On The Heights of Despair by Emil Cioran

I insist you find your bearings in less intense writers before plunging into the mental construct that is the philosophy (or anti-philosophy) of Emil Cioran. Dostoevsky, Sartre, Kierkegaard, Nietzsche, Simone de Beauvoir. You’ll sense an underlying theme – existentialism, morality, the subconscious – and this, because I’ve read the above-named writers, is all the better for a reader to grasp.

Emil Cioran draws parallels to condition the unconditional existence of life. His is the marriage of pessimism and misanthropy tinged with the underlying aspect of human nature. His “philosophy,” per se, feels like its antithesis. Rather he accuses the world, the society of constructing a delusion barrier that protects its people from the only philosophical problem – that is death. To unwrap the layers of a false and vicious cycle that abandons one on the edge of atrophy stripping them of their identity and spirit- this is what Cioran wants us to do.

Can humans survive when stranded, as it were, on a level devoid of illusions? On The Heights of Despair is a collection of aphorisms teeming with provocative and razor-sharp revelations. They’re hard to miss, perhaps harder to digest, because they illuminate such acute distortions of reality. And how it impinges on our consciousness and on our entire waking lives, putting us in a death spiral through which there is no ethical escape.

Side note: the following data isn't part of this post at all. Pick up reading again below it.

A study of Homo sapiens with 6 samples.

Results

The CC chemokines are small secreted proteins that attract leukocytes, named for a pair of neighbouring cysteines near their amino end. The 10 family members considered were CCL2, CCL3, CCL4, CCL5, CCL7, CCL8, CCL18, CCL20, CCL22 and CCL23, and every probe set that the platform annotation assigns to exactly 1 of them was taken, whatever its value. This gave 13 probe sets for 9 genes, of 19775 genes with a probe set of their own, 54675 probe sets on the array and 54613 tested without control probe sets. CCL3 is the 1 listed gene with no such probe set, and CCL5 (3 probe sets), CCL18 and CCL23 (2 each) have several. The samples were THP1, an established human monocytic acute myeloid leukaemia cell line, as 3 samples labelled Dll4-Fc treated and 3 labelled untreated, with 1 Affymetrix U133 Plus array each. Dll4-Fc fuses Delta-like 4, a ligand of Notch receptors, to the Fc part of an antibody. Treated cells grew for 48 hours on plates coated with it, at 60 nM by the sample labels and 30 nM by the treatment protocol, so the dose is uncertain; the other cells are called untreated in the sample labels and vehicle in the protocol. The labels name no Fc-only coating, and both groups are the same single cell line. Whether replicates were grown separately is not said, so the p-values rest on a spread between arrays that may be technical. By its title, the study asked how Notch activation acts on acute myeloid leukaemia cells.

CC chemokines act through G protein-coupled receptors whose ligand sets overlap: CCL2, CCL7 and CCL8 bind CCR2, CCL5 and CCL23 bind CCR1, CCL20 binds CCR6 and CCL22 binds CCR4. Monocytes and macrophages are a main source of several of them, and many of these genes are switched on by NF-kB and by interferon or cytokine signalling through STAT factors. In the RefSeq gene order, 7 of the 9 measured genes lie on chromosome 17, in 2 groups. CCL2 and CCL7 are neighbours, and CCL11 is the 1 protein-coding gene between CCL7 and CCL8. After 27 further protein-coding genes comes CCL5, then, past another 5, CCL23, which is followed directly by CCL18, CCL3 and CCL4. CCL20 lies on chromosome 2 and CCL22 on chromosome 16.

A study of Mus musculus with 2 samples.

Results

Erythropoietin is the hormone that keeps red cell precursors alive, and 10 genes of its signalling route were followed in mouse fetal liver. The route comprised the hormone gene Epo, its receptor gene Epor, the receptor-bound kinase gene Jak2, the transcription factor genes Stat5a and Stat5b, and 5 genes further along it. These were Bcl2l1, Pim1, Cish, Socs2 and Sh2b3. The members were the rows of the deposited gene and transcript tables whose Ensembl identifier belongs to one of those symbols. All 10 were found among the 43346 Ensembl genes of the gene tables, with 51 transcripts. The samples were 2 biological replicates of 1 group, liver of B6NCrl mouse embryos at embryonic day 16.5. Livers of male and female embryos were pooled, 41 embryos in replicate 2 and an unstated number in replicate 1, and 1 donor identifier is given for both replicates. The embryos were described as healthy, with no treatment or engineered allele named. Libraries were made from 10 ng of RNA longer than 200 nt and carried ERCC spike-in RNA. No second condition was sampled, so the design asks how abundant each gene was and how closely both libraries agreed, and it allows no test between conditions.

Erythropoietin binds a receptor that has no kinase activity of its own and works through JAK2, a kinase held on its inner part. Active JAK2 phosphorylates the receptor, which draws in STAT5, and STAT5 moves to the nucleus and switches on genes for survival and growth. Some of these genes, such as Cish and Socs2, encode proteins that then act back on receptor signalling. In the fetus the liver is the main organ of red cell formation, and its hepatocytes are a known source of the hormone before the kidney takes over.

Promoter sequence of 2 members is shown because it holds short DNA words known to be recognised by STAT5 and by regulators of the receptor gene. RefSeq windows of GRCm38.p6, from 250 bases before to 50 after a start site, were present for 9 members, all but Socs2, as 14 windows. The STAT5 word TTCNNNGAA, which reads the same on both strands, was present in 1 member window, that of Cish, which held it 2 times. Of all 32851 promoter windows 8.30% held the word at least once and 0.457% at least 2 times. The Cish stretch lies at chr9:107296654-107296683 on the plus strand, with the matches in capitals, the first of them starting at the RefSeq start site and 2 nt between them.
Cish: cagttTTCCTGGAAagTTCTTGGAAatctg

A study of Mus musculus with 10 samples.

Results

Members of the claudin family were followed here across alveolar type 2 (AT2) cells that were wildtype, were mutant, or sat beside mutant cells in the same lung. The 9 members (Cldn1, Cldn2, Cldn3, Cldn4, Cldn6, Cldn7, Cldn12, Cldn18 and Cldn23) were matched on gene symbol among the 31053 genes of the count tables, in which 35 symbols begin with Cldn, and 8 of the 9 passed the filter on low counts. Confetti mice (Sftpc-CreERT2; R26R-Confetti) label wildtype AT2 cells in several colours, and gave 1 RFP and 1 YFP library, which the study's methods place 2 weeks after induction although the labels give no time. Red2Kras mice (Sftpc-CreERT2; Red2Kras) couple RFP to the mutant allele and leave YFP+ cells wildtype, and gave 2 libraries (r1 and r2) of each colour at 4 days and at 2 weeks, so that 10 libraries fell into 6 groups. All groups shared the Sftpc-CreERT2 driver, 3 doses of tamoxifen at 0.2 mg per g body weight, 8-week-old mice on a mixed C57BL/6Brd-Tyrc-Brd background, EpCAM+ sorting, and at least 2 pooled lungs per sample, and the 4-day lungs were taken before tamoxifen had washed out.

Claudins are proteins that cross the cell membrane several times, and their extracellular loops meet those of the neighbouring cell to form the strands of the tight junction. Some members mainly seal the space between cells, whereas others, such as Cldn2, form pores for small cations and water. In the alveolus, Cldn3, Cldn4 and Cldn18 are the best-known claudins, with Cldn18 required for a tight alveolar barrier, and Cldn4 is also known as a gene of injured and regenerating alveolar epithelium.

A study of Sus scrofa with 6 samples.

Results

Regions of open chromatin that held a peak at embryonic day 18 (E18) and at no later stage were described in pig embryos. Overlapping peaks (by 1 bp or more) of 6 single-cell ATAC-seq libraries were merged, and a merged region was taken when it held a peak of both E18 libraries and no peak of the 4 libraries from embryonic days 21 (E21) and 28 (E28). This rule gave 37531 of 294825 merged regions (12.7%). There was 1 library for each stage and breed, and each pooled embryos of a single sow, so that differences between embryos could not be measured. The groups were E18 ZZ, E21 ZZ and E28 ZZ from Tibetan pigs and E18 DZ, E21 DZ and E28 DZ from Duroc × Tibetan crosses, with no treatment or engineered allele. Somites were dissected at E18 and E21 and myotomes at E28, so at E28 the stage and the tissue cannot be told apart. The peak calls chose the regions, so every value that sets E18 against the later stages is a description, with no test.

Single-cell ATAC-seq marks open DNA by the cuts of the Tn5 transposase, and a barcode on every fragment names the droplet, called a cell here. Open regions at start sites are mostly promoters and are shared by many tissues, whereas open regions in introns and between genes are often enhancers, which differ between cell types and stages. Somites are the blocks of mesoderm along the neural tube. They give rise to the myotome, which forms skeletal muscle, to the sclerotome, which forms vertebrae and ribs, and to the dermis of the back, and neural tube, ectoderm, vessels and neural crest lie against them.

His interpretation of the “organic and existential thinker” is deeply individualized and psychological. Going against the grain of useless speculation – the superficialities of humankind, the greed, the strategic maneuvering of one’s livelihood in order to avoid pain and suffering – is nothing but Cioran’s manner of beseeching one to think for oneself through the lens of one’s inner agony. He speaks of no weighing scale, no equilibrium that keeps one’s metaphorical boat afloat. Rather, that inner unrest, the insistence of one’s ceasing existence in the infinite is what he wants us to mull over.

Contemplating on the immanence of death, solitude, knowledge, and love is all the more sobering in this arresting book. As much as I’d like you to read this, I don’t want anyone to read this.